Today's Zaman
 
 
 
 

Syria's Kurdish opposition leader claims Assad benefits from PYD agenda

ABDELBASSET SEIDA (PHOTO: TODAY'S ZAMAN)
23 November 2012, Friday /CEREN KENAR
A former leader of the Syrian National Council (SNC) has criticized the activities of the Democratic Union Party (PYD) -- a Syrian Kurdish party with links to the terrorist Kurdistan Workers' Party (PKK) in Turkey and Iraq -- and said its own distinct agenda is benefitting Syria's embattled President Bashar al-Assad.

Abdelbasset Seida, an ethnic Syrian Kurd, told Today's Zaman, that he does not subscribe to the view that the Syrian opposition failed to appeal to Kurds as the newly formed Syrian National Coalition earlier this month in Doha broadened its ranks to include diverse groups.

“There are Kurdish groups and parties taking part in the new initiative,” Seida said, adding that from the very early days of the SNC, the Syrian opposition recognized the Syrian Kurds as equal partners and did its best to include them into this process.

He said he does not believe the PYD's position regarding the Syrian opposition and their decision to become a part of it is related to their sensitivity about the Kurdish issue.

“We asked them to engage in the opposition, yet they decided to pursue their own agenda,” Seida said, underlining that this agenda does not help the Syrian opposition. “I am afraid to say this, but the Assad regime is benefiting from it.”

On Monday, Syrian rebels fighting to oust Assad clashed with armed Kurds near the Turkish border, the latest sign of an emerging power struggle in Syria's ethnically diverse northeast.

Exploiting the unraveling of Assad's grip in wide swathes of Syria, Kurds have been asserting control in parts of the northeast, bidding for self-rule and rights denied to their community for decades under Assad and his father before him.

Some fear the increasingly sectarian tinge of the anti-Assad uprising will splinter Syria. But whoever takes charge in the Kurdish plains nudging against Turkey will control a chunk of Syria's estimated 2.5 billion barrels of crude oil reserves.

Kurds in the region are suspicious of the Free Syrian Army (FSA) and whether any post-Assad government would be more accommodating of Syria's largest ethnic minority.

With its own large Kurdish minority, Turkey is watching closely, worried that the emergence of an autonomous Kurdish region in Syria could further embolden PKK terrorists fighting for autonomy in southeast Turkey.

More than 40,000 people have been killed in 28 years of fighting between Turkey and the PKK -- designated a terrorist group by Ankara, the US and the EU.

Fighting surged over the summer, and Ankara has accused its former ally and now adversary Assad of arming the terrorists.

Seida said the basic strategy of this “bloody regime” was to pit different groups in Syria against one another and to secure its own rule through fueling strife between diverse groups. He said the regime obviously aspires to use some Kurdish factions against the revolution and that this is not surprising.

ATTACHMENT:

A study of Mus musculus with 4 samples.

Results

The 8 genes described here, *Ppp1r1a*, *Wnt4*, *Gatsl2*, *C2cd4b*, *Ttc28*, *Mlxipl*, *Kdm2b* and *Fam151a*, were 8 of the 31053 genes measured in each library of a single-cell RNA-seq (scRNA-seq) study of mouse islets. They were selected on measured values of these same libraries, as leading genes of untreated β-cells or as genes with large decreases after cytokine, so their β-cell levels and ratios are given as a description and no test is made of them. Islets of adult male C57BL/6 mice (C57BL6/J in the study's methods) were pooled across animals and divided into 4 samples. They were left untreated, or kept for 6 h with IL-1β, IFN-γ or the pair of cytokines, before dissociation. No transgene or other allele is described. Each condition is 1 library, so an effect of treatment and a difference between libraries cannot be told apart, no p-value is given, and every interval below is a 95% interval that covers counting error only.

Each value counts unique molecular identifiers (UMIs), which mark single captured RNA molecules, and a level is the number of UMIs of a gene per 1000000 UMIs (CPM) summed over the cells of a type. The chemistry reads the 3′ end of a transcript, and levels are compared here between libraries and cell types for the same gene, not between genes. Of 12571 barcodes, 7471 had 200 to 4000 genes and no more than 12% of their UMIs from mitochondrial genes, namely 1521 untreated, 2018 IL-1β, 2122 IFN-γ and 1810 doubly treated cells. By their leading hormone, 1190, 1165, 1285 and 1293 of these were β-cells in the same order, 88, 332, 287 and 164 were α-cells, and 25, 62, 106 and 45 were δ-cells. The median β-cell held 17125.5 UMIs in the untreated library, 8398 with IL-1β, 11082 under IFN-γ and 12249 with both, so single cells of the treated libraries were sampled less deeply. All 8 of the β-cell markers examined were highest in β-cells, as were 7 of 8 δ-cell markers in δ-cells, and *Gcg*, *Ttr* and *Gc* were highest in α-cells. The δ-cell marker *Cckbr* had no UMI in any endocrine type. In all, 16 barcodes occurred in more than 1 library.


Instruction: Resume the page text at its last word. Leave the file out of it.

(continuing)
“I don't want to believe that the PYD is working with the regime; that would be very unfortunate for them,” Seida said, adding that there is a shady picture and the PYD sometimes appears to be working with the regime.

He provided the example of Qamishli, just opposite the Turkey's Nusaybin district, an area that is supposed to be under the control of the PYD, saying there are reports that the intelligence and security forces of the regime are still operating in the region. Seida said this is a paradox and indicates a level of cooperation.

“The PYD has to make a decision and pick a side,” Seida said, noting they have to make clear whether they are with the revolution or not.

In an interview with Reuters, the head of the PYD -- which controls much of Syria's Kurdish region -- rejected the new opposition coalition established in Doha this month and labeled it as Turkey's proxy.

Saleh Muslim said he had not been invited to talks in Doha this month in which the Syrian National Coalition was formed, and he labeled the group a proxy of Turkey and Qatar.

The coalition, led by moderate Sunni Muslim cleric Mouaz Al-Khatib, was meant to unify Syria's myriad opposition groups in a bid to secure Western backing in their efforts to topple Assad, and has been endorsed in the West by Britain and France.

"It [the opposition coalition] has emerged from obedience to Turkey and Qatar," Muslim said, adding that the Kurds included in the group were not representative of Syria's Kurds and were handpicked by Turkey to follow its agenda.

Seida rejected claims that Turkey is intrusive over the Syrian opposition and said they have never seen the Turkish authorities giving instructions to the Syrian opposition.

He said Ankara has never attempted to enforce any decision, and on the contrary, “we appreciate the unconditional support of Turkey to the Syrian opposition.”

Some 10 percent of the population, Kurds are Syria's largest ethnic minority, and Muslim's party has been extending its power in northern Syria as Assad battles an insurgency elsewhere.

Turkey is alarmed at the growing influence of the PYD, which it says is the Syrian arm of the PKK.

PYD offices in Syria are adorned with portraits of PKK leader Abdullah Öcalan and PYD militants wear badges bearing the image of the mustachioed terrorist leader who is jailed in Turkey.

Although Assad has pulled the bulk of his forces from the Kurdish region, there is a clear co-existence between the PYD and the remaining government troops who man checkpoints unmolested inside the Kurdish region.